NFL: No Consideration Given To Moving Chargers To London
The NFL said there has been "no consideration" given to the idea of the Chargers "playing anywhere other than Los Angeles at the new stadium in Hollywood Park next season and beyond," according to Jeff Miller of the L.A. TIMES. Chargers Chair Dean Spanos yesterday "emphatically -- and colorfully -- denied a story about the team possibly moving to London." Spanos said, "It's total ... bull----, OK? We're not going to London. We're not going anywhere. We're playing in Los Angeles. This is our home, and this is where we're planning to be for a long ... time." Chargers coach Anthony Lynn said, "I know there's not anything to it." Miller notes Spanos and Lynn were responding to a report by The Athletic earlier in the week that had said that the Chargers would "at least listen if the NFL approached them about London as a possible option." The "issue of the Chargers' long-term stability in L.A. has remained a topic" as the team has "struggled to fill Dignity Health Sports Park with their own fans" (L.A. TIMES, 11/6).
LOCAL TROUBLES: ESPN.com's Eric Williams wrote the Chargers have "experienced an uphill climb in building a fan base" in L.A. since moving from San Diego in '17. Despite this, the Chargers "believe they will have more success earning new fans" once they move into the new SoFi Stadium in Inglewood next season (ESPN.com, 11/5). In California, Gilbert Manzano notes the team when it moved "launched a marketing campaign" in which it claims to be "entering a 'Fight for L.A.,' hoping to win over fans in Southern California." That fight has "proven to be a difficult one" (ORANGE COUNTY REGISTER, 11/6).
POINT OF NO RETURN: NFL Network’s Mike Garafolo said there is "too much tied to the Chargers being in L.A. and being at this new stadium” because the “point of no return has already passed” (“NFL Total Access,” NFL Network, 11/5). PFT’s Mike Florio said Rams Owner Stan Kroenke is not going to let the Chargers “out of that lease” at SoFi Stadium. Florio: “He needs those 10 home games. He doesn’t care if it’s 80% Steelers fans or 70% Packers fans, he wants to have football games played in that stadium to generate the revenue that will help pay for the $5 billion complex” (“PFT,” NBCSN, 11/6).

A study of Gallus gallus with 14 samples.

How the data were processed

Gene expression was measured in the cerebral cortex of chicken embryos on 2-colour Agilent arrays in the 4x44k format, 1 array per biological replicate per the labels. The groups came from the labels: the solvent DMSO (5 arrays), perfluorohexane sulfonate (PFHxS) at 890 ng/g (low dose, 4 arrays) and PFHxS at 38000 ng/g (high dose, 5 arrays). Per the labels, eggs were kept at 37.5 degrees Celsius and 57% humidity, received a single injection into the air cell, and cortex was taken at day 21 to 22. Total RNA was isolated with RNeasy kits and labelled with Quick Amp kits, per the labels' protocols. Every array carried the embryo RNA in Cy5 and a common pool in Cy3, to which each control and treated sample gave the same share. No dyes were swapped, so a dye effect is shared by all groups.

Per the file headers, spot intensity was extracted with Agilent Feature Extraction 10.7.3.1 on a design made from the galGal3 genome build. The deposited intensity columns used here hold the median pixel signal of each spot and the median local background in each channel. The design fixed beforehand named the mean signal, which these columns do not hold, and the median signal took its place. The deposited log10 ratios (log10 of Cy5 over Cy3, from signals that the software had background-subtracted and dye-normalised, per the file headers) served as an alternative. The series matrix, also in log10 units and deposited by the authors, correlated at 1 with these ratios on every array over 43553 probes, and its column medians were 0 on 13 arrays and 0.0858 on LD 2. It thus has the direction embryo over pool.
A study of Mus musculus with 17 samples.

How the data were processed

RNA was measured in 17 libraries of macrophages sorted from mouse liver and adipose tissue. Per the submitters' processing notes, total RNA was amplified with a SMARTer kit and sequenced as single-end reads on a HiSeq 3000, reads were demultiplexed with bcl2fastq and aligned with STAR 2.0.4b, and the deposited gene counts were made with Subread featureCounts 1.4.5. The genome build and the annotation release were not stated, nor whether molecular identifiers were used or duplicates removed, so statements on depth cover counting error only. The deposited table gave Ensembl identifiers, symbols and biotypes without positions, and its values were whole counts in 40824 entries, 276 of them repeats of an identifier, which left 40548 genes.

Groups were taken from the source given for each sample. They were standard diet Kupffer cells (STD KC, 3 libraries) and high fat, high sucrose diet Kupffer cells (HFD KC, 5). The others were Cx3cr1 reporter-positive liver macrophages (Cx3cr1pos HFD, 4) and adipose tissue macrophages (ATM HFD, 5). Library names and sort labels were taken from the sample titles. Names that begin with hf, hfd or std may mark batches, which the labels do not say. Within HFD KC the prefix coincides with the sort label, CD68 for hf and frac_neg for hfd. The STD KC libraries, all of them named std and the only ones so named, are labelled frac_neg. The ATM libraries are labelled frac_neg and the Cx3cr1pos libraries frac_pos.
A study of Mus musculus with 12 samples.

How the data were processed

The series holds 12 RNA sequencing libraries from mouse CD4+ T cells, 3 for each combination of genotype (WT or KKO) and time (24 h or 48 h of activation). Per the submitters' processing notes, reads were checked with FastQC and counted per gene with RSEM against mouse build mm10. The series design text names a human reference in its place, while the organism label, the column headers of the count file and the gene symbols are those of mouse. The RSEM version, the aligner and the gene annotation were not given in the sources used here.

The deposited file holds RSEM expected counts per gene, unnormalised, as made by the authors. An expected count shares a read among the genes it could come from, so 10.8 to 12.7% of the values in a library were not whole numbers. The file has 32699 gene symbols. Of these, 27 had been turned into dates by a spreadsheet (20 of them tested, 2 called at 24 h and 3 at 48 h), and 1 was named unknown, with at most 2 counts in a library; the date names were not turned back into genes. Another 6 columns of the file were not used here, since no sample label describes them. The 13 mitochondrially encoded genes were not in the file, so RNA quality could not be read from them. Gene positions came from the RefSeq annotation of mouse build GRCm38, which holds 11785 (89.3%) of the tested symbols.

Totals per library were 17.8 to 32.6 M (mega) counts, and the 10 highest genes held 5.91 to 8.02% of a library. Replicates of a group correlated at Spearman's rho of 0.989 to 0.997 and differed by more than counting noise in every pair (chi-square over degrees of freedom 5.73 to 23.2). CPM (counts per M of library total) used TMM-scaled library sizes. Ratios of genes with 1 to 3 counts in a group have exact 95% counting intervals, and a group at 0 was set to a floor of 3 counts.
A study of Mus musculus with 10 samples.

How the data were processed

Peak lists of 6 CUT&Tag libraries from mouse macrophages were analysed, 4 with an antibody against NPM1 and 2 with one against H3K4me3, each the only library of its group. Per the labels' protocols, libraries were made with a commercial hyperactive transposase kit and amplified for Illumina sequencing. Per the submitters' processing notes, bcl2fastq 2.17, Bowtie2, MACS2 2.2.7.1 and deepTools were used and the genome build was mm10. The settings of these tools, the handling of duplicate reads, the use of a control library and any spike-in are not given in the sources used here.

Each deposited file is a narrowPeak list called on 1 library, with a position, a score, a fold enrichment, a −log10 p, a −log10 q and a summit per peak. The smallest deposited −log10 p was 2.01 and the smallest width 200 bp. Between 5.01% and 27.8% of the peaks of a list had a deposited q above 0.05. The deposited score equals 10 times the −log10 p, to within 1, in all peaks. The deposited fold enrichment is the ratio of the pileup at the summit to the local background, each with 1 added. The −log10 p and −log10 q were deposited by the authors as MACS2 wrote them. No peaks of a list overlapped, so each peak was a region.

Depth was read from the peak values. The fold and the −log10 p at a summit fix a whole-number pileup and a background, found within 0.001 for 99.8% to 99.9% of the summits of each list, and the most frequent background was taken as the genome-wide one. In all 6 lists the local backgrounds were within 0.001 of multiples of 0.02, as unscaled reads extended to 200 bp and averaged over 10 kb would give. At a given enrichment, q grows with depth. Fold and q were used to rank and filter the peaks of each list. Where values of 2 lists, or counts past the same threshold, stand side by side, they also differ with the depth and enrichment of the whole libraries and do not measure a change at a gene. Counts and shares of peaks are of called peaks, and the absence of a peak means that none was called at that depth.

JUST A BAD FIT: YAHOO SPORTS' Dan Wetzel wrote Spanos' denial of the London report "may have been the most endearing thing the Chargers have done in years." Maybe that "will win them some fans ... or not." The Chargers are "in a bad spot playing in L.A.," but this is a "disaster of Dean Spanos' making." Wetzel: "You think the rest of the NFL's team owners are going to bail that guy out and just change the direction of the league by handing him London, a market larger than L.A.?" (SPORTS.YAHOO.com, 11/5). ESPN's Mike Greenberg said of Spanos, "He’s the same guy who promised everyone he would never leave San Diego because that’s his home forever and then jumped to L.A. as fast as he could" ("Get Up," ESPN, 11/6). USA TODAY's Nancy Armour writes the Chargers and the NFL have "backed themselves into a corner of their own design." The success of the NFL's London games means that "some team is moving there, likely sooner rather than later," and the Chargers and Jaguars are the "most obvious candidates." Armour: "Let's see what happens after a season or two of the Chargers dragging down the NFL's attendance numbers." The Chargers always were "going to be a bad fit in Los Angeles, and just about everyone could see that." To "foist two teams on a city ambivalent about the NFL and think both would thrive was either arrogant or ignorant or a little bit of both" (USA TODAY, 11/6).